From inception to date, Fedena’s Timetable module has been helping schools and colleges of various sizes schedule and manage timetables. The Timetable module has evolved since Fedena’s inception in 2009. After three major Fedena releases, a number of minor releases, many enhancements, and bug fixes, the Timetable module has come a long way. Thanks to our customer feedback and employee input, we have been able to enhance the experience for our users with every release.
How good it used to be
When Fedena was introduced back in 2009, the Timetable module was one of our major selling points. Then, the Timetable module allowed institutions to create only one timetable. This timetable had to be followed by all batches in the institution. This meant, for all batches, every period had to begin and end at the same time. Though institutions liked how easy it was to create a timetable, it soon became a challenge when each batch had different period timings and needed their own timetable.
For those of you who have been with us from the start, here’s a hazy image that might bring back some good memories, and some not so good ones as well.
A point I must add, from the very beginning, Fedena’s user experience has always been one of our top priorities. Even back then, the Timetable module was easy to use and included the smooth drag and drop functionality what you see today.
How better it became
With releases that followed, the Timetable module quickly evolved. Soon features such as the ability to create a timetable for each batch, define the workdays in a week for each batch, together with a few cosmetic enhancements were introduced. By now the Timetable module was gaining popularity among users. This is what the Timetable module looked like back then.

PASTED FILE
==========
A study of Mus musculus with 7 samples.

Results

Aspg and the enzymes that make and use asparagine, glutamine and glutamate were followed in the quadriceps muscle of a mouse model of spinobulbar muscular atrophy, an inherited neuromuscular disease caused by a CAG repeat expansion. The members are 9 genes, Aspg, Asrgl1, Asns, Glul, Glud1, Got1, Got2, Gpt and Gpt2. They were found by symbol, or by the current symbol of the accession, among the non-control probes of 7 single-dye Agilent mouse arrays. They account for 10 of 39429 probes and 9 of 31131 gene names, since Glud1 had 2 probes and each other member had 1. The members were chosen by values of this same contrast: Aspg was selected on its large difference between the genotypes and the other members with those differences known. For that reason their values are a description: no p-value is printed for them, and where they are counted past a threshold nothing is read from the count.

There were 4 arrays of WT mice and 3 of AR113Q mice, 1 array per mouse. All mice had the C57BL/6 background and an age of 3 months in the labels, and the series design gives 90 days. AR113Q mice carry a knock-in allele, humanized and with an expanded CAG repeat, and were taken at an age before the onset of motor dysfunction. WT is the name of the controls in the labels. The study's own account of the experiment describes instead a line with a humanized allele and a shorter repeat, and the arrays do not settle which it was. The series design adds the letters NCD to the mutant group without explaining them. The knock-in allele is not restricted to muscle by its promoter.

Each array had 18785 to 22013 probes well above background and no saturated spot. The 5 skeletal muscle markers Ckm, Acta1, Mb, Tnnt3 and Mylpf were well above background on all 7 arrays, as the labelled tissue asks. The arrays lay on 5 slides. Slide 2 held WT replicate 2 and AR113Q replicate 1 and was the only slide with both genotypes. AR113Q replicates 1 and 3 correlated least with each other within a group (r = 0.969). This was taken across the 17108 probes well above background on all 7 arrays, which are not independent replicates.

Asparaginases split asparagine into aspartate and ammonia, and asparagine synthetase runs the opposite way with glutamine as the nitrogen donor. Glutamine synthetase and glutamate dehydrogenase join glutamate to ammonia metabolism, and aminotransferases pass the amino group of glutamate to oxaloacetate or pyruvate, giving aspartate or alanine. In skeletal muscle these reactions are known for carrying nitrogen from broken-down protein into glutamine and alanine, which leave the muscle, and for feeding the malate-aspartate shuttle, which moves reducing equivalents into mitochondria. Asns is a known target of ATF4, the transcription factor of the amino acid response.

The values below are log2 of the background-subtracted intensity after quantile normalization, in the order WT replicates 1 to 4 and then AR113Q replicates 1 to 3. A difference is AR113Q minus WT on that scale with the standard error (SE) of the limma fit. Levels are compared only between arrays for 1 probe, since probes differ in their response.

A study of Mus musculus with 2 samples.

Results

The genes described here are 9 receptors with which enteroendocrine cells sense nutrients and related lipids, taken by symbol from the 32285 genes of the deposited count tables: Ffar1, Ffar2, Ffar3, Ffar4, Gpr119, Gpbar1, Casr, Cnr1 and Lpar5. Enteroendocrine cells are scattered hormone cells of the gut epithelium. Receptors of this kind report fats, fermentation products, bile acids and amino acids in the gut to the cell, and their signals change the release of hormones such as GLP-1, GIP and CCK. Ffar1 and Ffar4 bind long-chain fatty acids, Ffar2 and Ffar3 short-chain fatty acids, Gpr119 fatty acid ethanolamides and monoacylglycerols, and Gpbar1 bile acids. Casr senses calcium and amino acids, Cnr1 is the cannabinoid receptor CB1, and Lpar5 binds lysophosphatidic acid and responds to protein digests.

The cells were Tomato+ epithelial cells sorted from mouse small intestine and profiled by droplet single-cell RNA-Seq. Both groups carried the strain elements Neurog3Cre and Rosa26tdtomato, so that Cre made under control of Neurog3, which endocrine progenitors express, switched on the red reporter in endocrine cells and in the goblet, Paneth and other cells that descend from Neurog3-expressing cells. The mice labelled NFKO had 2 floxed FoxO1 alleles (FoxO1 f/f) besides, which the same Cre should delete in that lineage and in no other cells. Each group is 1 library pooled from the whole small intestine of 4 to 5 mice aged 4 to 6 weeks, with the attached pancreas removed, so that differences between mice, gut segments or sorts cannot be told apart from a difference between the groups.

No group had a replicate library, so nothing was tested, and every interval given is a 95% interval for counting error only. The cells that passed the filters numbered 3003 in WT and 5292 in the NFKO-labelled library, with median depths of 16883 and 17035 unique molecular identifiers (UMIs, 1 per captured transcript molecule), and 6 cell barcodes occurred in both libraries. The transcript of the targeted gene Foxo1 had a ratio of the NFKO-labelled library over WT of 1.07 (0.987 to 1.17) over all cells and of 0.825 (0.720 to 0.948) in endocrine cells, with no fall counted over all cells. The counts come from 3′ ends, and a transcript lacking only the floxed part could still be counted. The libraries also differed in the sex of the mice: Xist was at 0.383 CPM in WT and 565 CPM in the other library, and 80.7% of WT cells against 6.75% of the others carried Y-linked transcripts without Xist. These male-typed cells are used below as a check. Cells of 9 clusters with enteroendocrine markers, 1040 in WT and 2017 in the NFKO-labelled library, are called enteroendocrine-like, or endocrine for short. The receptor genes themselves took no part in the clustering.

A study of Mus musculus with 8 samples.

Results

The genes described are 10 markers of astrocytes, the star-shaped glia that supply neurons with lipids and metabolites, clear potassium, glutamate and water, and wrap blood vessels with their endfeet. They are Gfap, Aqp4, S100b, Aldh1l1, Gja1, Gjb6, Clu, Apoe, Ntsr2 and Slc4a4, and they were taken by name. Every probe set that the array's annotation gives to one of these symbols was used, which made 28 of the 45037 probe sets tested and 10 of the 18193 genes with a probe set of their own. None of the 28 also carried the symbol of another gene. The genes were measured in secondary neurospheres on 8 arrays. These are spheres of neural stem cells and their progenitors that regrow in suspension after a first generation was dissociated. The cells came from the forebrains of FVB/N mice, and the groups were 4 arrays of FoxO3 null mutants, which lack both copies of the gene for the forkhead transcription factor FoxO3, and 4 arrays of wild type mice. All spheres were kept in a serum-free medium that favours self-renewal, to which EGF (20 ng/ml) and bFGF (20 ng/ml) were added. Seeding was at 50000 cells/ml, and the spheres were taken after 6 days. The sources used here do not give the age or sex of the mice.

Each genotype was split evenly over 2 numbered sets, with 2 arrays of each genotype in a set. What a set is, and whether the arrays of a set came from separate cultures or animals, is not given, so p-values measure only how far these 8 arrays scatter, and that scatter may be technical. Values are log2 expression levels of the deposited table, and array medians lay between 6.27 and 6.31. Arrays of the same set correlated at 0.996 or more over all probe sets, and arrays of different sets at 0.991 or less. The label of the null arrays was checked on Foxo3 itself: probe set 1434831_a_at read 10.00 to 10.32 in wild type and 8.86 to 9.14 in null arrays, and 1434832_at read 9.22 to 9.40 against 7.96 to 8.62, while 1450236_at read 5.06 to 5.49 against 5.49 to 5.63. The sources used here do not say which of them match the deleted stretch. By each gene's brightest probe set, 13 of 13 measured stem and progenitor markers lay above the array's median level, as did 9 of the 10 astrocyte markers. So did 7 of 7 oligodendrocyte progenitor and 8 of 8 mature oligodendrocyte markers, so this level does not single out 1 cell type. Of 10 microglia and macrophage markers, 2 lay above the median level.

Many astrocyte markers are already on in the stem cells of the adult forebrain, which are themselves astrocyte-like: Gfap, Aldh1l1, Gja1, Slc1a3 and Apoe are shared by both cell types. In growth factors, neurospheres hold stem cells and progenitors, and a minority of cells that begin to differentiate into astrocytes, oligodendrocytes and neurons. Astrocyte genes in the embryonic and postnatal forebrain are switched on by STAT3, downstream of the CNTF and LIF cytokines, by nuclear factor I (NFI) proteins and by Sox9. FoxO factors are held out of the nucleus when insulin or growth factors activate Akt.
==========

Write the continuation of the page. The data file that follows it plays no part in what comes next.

Then, with the release of Fedena 3.0, we introduced the concept of ‘class timings’. Class timings allowed institutions to define the number of periods and the duration of each period in a workday. The class timings were then automatically applied to all workdays of the week. Though this gave institutions a little more flexibility when creating timetables, it later brought about the question of ‘What if for a batch, periods begin and end at different times on each workday?’
The best yet…
As an answer to that question, we introduced ‘class timing sets’. Similar to the concept of ‘class timings’, a ‘class timing set’ defined the number of periods and the duration of each period in a workday. The difference was, institutions were now able to assign a unique class timing set to each workday. This brought about a small change in the workflow of creating a timetable. Here’s the current workflow to create a timetable.
In addition to all the enhancements, we also managed to give the Timetable interface a facelift, as seen in the image below.
All these features put together now offer institutions even greater control over the timetables they create. Today, Timetable is one of the most used modules by Fedena customers. And to let you in on how we plan to improve the Timetable module, we’re now working on ways to automate timetable generation to enable you create timetables even faster. So stay tuned for upcoming releases.